Each year, for one week in May, thousands of people descend on the shores of Lake Macatawa and Lake Michigan to visit the Tulip Time Festival in Holland, Michigan. A celebration of Dutch culture, the Tulip Time Festival has parades, markets, food vendors, a carnival, and, of course, Tulips in every color. This event is consistently rated as one of the best small-town festivals in the nation by publications like Premier Tourism Magazine, Reader’s Digest, and USA Today. Put on your best pair of Klompen (Dutch wooden clogs) and come see what this special event has to offer.
How did Tulip Time originally start?
The idea of Tulip Time was introduced in 1927 at a Woman’s Literary Club meeting. Miss Lida Rogers, a biology teacher at Holland High School, suggested that Holland adopt the tulip as its flower because of its close ties to the Netherlands, given the community was around 85% Dutch immigrants at the time, and set aside a day for a festival along with planting tulips in every yard.
In 1928, City Council, under Mayor Ernest C. Brooks, appropriated funds to purchase 100,000 tulip bulbs from the Netherlands. These bulbs were to be planted in city parks and other areas; residents could purchase bulbs for one cent a piece. May 1929 bloomed the first tulips for Tulip Time in Holland, Michigan.
Why should somebody come visit Tulip Time?
Holland, Michigan is such a culturally vibrant city with strong Dutch roots dating back to its settlement; situated on the picturesque shores of Lake Michigan, Holland also boasts top horticultural honors in the American and Communities in Bloom competitions. With over 5 million tulips blooming in the city area, the tulips paint a colorful picture of the mosaic that makes up Holland. During the festival there are parades, fireworks, cultural Dutch Dance performances, musical and comedic acts, historic tours, a 5k/10k race along tulip lined streets, yoga in the tulips, a carnival and so much more.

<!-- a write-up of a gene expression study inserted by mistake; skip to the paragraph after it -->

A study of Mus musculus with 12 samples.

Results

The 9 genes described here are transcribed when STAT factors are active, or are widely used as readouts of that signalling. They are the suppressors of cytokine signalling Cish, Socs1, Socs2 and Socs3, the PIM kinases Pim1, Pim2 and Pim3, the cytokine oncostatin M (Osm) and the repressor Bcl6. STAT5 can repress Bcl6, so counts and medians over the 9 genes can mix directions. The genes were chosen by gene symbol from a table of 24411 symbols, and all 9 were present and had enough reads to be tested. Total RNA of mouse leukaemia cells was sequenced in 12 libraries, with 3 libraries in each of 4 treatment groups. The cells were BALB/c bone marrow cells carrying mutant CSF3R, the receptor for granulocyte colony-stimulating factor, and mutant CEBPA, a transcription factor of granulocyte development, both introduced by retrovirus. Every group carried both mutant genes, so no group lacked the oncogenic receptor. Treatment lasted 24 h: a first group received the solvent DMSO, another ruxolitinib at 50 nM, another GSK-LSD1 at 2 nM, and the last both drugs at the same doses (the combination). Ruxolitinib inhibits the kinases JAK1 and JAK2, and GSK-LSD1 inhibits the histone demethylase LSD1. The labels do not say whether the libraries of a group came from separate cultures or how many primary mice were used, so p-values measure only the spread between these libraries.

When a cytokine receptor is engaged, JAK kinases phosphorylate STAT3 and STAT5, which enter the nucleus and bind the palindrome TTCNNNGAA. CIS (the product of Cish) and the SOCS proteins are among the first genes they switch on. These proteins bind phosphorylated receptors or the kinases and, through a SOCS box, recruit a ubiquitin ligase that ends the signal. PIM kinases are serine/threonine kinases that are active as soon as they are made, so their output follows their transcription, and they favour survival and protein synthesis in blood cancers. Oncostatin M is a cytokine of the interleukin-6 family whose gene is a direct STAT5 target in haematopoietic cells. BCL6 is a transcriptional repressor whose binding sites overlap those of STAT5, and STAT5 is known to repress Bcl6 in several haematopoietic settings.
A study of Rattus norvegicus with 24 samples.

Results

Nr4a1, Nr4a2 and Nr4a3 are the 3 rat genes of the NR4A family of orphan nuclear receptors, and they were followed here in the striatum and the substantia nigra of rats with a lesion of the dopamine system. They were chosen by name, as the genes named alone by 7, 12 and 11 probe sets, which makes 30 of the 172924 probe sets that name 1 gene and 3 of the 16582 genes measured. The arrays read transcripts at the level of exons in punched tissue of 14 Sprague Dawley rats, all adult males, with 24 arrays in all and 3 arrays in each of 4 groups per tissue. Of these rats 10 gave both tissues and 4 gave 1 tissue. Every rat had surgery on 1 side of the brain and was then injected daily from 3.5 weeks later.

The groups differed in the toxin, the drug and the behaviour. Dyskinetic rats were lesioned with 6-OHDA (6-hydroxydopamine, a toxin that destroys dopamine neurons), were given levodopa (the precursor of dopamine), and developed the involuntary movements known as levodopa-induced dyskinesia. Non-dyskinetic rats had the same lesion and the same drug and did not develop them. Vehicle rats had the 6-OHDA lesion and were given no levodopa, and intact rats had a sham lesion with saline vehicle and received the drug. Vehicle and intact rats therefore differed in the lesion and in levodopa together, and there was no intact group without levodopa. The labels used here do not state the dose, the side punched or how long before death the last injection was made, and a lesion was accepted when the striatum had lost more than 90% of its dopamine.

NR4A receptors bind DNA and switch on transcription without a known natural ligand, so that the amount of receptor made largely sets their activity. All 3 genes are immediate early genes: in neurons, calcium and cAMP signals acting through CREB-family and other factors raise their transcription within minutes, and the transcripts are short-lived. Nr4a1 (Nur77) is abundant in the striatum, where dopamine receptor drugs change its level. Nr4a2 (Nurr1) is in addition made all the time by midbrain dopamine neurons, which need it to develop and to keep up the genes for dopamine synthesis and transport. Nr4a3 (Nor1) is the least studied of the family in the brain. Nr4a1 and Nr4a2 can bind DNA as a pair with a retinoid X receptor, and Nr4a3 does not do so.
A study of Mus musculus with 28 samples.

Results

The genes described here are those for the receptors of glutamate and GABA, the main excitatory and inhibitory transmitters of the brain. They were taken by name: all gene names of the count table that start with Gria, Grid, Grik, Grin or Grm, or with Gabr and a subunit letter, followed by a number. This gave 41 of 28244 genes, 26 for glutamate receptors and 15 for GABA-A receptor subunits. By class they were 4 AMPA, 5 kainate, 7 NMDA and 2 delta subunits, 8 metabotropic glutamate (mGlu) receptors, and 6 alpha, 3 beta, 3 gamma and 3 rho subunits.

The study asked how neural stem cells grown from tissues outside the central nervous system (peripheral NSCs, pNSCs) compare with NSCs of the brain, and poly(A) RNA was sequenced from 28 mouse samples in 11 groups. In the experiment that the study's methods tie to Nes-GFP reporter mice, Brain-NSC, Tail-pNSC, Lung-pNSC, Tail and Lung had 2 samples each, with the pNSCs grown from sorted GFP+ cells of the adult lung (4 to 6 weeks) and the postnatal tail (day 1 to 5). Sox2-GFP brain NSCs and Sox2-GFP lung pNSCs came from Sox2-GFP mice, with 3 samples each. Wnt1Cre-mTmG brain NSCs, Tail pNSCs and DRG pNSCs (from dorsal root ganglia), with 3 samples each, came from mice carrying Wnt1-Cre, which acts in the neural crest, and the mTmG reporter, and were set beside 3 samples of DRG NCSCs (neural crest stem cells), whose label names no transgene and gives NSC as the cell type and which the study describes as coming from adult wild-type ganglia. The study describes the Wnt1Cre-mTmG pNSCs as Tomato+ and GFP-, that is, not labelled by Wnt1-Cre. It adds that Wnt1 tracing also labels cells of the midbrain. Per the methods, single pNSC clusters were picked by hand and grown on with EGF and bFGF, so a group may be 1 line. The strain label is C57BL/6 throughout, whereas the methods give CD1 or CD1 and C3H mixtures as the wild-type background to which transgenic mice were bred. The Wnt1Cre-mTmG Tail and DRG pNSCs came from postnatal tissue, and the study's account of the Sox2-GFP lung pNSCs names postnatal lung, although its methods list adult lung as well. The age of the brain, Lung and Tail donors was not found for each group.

What is something that most people don’t know about Tulip Time?
Tulip Time is a non-profit 501(c)3 organization that is separate from the City of Holland. The festival’s free events are solely supported by over 180 generous community businesses that invest in our community through a gift to Tulip Time. In its humbling beginnings, Tulip Time was run by a volunteer committee in 1929 that grew to a full time, year ‘round staff present day. Now, it takes a full staff and nearly 1,000 volunteers to power the festival.
What is your favorite food to have during Tulip Time?
Is this limited to just the week of the festival? I could eat my weight in Banket all year long (a type of Dutch pastry filled with almond paste and baked golden brown). If you are limiting it to the week of Tulip Time, you could pick a favorite by the day. On week days, either the Krentenbrood (Currant Bread) at the Dutch Food Court at Marktplaats or the deep fried Oliebollen (Dutch donuts). During the first weekend at the LAUP Fiesta, they feature the Tamale King, Ray, and his delectable authentic Mexican dishes. This year my favorite might change as we have artisan food trucks coming for the first time to the Moderdag (Mother’s Day) Market on May 13! With our craft spirits and brewery scene, I would be remised if I didn’t mention my favorite libations available at various downtown establishments. This year New Holland has brought back the Red Tulip, a toasty ale that is as comforting as warm buttered toast in the morning. Coppercraft Distillery has harnessed the best of the spirits in our great state with a cocktail called the Michigan Mule, a twist on the traditional mule using their Applejack whiskey made with Michigan apples. Whatever your culinary pleasure, you can eat your way through Tulip Time to your foodie heart’s content.
What is your favorite thing to do during Tulip Time?
Personally, as a staff member and Holland resident, my favorite thing to do is observe people journeying from all corners of the world to get a taste of our home town. To see the sheer magnitude of what Tulip Time is, beyond just a festival, is seeing such a diverse city come together despite their different backgrounds to celebrate in community with one another. There are two places to take in the festival from the “30,000 foot view”; either the Ferris wheel at sunset or the DeZwaan Windmill at Windmill Island Gardens. The views from either place allow you to see the masses of visitors and beautiful tulips as clusters.
As a visitor, my favorite past time has been watching Dutch Dance. To hear and experience 700 dancers together in colorful fabrics that hold stories of heritage and nationality is quite impressive.